Poor old Google can’t decide what it wants to do in the hardware market. Just three years ago, Google’s Rick Osterloh was confirming that the company’s hardware team was abandoning tablets in favour of laptops. Now, it seems, Google is abandoning laptops in favour of tablets.
That’s according to The Verge’s source — the ever-mysterious “person familiar with the matter” — who claims that Google is no longer making the third version of its high-end Pixelbook Chromebook. The project was apparently quite far along and due next year, but has now been abandoned for cost-saving reasons, with staff reallocated to other projects.
The Pixelbook — Google’s way of showing the world that the normally cheap-and-cheerful Chromebook could benefit from high-end internals — was critically acclaimed. But it probably didn’t sell all that well for the simple reason that if you’re going to spend thousands of dollars on a laptop, you may as well get one that runs Windows or macOS. The benefit of Chrome OS is chiefly that it doesn’t need beefy specifications to do its job, making it especially appealing to schools trying to make every cent count.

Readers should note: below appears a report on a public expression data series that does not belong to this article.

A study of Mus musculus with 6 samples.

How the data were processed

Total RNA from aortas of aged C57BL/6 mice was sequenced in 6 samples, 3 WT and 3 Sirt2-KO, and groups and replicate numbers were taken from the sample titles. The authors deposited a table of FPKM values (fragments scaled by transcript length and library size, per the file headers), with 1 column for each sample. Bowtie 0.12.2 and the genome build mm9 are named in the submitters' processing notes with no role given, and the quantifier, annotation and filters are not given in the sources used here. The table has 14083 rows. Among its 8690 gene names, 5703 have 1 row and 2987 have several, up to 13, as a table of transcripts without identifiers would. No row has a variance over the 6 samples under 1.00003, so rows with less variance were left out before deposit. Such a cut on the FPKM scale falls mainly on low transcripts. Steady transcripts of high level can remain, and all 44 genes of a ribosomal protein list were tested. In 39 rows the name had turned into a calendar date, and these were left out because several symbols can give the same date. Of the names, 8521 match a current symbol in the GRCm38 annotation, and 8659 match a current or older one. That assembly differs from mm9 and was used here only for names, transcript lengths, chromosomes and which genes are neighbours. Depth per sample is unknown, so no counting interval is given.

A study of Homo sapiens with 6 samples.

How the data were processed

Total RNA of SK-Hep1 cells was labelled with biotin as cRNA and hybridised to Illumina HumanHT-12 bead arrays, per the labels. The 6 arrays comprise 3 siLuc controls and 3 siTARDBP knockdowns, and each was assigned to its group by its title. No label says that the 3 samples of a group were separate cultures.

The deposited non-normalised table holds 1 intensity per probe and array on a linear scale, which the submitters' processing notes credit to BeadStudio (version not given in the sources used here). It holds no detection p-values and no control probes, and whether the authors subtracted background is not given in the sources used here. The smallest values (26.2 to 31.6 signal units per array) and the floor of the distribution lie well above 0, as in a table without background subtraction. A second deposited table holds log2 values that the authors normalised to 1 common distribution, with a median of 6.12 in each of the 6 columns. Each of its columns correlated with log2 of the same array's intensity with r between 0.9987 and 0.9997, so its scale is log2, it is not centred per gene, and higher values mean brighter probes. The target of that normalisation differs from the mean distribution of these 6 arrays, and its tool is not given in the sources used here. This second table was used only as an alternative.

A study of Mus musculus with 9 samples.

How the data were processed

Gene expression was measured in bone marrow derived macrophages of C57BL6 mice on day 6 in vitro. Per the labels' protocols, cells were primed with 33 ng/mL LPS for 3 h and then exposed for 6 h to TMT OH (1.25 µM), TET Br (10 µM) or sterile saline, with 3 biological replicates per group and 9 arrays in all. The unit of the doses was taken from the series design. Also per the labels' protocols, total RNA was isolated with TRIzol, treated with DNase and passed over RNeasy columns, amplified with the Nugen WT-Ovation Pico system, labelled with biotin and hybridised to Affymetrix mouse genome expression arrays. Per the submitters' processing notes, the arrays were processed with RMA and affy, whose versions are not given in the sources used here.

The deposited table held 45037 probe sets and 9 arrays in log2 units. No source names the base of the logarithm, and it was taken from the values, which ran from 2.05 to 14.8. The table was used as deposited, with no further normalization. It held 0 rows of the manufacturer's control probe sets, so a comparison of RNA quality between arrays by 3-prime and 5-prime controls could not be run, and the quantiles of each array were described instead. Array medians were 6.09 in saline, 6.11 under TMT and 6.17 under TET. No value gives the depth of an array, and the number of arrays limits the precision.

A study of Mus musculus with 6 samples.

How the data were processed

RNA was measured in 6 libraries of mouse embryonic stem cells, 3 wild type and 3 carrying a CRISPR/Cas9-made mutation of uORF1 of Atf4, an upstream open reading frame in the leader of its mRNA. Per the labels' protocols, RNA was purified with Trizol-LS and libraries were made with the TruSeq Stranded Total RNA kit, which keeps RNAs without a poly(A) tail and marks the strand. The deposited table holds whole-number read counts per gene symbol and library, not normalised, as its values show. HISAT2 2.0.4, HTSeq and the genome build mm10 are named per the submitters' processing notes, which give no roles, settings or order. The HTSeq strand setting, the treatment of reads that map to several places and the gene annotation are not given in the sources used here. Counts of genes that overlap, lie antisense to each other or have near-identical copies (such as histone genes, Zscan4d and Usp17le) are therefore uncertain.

Aside from the R&D savings, Google may also see this as ‘job done’. In 2012, Chrome OS had a US market share of just 0.2%, but that rose to 9.6% the following year, the same time that the Chromebook Pixel — the grandfather of the most recent Pixelbook Go — arrived on the scene in 2013.
Granted, that probably wasn’t directly down to the ridiculously expensive ~NZ$2,167 Chromebook Pixel, but Google had at least given other manufacturers something to aspire to, just as how Nexus and Pixel phones show how Android can be its best.
But another way of looking at it is that this is just another bit of hardware that Google has prematurely abandoned — something to bitterly resent its early demise in Silicon Heaven, alongside Google Glass, the Pixel Slate and Project Ara.
Now we’re back to tablets being the focus with the upcoming Pixel Tablet. But how long before Google decides that, actually it was right in the first place, and laptops are the future after all?